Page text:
WHAT CAN A MASTER’S DEGREE IN SPANISH AT UNI DO FOR ME?
A graduate degree in Spanish can open many career doors. Some students decide to follow a teaching track at the high school or college level, in which they teach a range of courses in language, culture and literature. Others pursue paths in fields including international business and communication, medical fields, translation, law enforcement and social work.
The MA in Spanish at UNI allows students to study a broad range of topics (linguistics, translation, and literature, culture and teaching methods) as well as issues that draw from broad geographical regions. Our program also has notable opportunities for community engagement (volunteer and outreach opportunities) and for professionalization (attendance and presentations at conferences). Our students work with a diverse faculty whose research and creative work covers geographically diverse areas from Spain to Latin America, Central America and the U.S., where Latinos are the fastest growing minority group.
Our graduates can be found throughout the U. S. and the world:
- in PhD programs at Cincinnati, Ohio St., Iowa, Texas, Minnesota, Purdue, Tennessee, SUNY-Stony Brook, Notre-Dame, etc.
- teaching in schools, community colleges, and liberal arts colleges
- working for global corporations, non-governmental, and political organizations
- working as translators in the medical, legal, and judicial fields
Students interested in this program must submit a completed Application for Admission to Graduate Study. Graduate information and application for graduate admission can be found at http://www.uni.edu/admissions/apply/.
The Graduate Record Examination (General Test) is not required for admission to the program.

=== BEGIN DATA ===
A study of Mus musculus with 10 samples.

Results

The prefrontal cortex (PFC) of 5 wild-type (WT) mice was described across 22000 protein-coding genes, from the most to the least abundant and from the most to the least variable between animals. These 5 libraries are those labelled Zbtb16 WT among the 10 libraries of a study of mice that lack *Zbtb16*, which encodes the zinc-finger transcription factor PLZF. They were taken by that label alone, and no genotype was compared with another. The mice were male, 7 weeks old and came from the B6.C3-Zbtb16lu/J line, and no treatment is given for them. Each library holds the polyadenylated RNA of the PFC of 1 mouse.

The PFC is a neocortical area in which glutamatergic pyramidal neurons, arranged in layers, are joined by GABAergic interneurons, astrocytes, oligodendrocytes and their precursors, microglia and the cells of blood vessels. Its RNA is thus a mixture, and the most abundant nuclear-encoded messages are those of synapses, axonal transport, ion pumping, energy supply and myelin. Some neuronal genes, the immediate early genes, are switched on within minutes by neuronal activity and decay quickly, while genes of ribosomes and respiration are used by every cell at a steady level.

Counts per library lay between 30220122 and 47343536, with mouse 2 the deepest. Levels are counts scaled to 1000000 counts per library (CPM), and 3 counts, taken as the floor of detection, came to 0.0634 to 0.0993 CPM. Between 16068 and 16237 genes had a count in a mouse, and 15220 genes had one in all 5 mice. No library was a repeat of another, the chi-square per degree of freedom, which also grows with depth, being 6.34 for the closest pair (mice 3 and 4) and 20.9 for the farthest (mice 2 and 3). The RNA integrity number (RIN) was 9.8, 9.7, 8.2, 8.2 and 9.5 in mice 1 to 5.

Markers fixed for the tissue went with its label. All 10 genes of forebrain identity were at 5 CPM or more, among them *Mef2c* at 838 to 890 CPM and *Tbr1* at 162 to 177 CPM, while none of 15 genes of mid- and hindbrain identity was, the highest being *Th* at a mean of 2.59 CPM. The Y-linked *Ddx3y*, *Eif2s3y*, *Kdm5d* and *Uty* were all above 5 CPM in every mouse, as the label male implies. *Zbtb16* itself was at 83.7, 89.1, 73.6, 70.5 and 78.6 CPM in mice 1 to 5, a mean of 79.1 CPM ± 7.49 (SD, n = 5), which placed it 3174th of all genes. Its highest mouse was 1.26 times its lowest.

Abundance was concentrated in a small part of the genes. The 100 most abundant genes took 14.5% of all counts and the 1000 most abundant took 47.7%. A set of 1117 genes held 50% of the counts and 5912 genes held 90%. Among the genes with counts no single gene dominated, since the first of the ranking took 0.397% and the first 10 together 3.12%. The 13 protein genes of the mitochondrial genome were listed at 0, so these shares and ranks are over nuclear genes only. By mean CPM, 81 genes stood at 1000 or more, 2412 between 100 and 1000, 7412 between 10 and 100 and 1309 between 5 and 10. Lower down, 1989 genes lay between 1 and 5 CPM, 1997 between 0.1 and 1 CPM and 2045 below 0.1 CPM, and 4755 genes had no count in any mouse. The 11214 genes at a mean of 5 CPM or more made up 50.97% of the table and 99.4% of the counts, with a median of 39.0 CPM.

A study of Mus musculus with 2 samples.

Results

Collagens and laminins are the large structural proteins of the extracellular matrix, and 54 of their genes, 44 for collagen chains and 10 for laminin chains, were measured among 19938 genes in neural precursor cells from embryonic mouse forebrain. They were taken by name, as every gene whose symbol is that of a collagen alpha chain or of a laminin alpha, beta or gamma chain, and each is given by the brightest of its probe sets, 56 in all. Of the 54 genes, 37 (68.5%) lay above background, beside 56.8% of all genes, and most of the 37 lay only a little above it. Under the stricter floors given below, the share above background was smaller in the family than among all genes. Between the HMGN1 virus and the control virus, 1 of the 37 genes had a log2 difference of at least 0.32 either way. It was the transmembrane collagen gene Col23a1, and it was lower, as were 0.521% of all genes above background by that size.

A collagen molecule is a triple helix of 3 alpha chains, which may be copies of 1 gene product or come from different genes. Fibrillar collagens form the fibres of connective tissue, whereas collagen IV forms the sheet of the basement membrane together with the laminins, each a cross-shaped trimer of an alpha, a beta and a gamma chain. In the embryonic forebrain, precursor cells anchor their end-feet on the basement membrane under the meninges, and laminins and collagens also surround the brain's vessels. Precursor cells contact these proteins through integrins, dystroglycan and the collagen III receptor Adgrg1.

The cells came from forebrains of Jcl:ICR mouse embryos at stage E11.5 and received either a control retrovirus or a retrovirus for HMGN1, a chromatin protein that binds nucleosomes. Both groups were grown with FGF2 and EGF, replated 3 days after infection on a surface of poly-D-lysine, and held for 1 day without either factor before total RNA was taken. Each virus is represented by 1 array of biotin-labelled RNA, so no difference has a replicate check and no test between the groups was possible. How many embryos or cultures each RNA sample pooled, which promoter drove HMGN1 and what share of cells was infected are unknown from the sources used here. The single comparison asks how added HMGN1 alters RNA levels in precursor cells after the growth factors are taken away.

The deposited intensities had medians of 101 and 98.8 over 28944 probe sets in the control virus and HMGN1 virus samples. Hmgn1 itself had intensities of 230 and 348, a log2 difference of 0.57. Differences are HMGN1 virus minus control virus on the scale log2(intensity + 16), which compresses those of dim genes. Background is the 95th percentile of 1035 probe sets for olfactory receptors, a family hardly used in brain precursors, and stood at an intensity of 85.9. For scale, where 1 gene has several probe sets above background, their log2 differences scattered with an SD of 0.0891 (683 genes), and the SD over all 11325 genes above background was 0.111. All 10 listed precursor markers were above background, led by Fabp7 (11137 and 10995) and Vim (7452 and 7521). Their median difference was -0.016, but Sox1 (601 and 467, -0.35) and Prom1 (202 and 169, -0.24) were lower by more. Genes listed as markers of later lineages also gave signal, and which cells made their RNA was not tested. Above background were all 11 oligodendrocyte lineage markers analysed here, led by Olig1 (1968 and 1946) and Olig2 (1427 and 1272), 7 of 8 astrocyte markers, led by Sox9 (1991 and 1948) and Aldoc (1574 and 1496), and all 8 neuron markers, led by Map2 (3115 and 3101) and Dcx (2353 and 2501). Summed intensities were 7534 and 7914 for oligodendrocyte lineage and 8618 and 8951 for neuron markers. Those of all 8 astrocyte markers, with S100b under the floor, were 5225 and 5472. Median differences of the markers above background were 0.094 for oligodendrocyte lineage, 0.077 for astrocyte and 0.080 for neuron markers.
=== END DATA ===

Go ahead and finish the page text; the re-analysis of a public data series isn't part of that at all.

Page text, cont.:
Admission requirements: for M.A. admission and Graduate Assistant applications the following items are required: 1) major or equivalent in the language of study, 2) two letters of recommendation on letterhead, 3) statement of undergraduate purpose in target language, 4) 550 TOEFL score or higher.
This emphasis is available on both the thesis and non-thesis options. A minimum of 32 semester hours is required for either option. A minimum of 18 hours of 200/6000-level course work, including 6 hours of 780:299, is required for the thesis option. A minimum of 15 hours of 200/6000-level course work is required for the non-thesis option, including no more than 3 hours of 780:299. In the case of the non-thesis option, a research paper (click here for more details) must be approved by the student's committee and filed with the Department of Languages & Literatures before the comprehensive examinations may be taken. Click here for more information on comprehensive exams. Successful completion of a final written and oral comprehensive examination is required for both the thesis and non-thesis options.
This program is offered on the non-thesis option only. A minimum of 34 semester hours is required, of which a minimum of 16 hours must be at the 200/6000-level; a minimum of 20 credits must be courses taught in Spanish.
Only graduate courses (course numbers 5000 or above) will apply to a graduate degree, even if the undergraduate course number (4999 or less) is listed. No exceptions will be made.
Successful completion of a final written and oral comprehensive examination is required. A research paper, written on an aspect of methodology, must be approved by the student's committee and filed with the Department of Languages and Literatures before comprehensive examinations may be taken.
Prerequisites: Student must hold a valid teaching license and must have documentation of successful teaching experience. The student who has not completed LANG 4090/5090 (700:190g) , SPAN 3001 (780:101) and SPAN 3003 (780:103), or equivalents, before entering the program must add these courses to the requirements.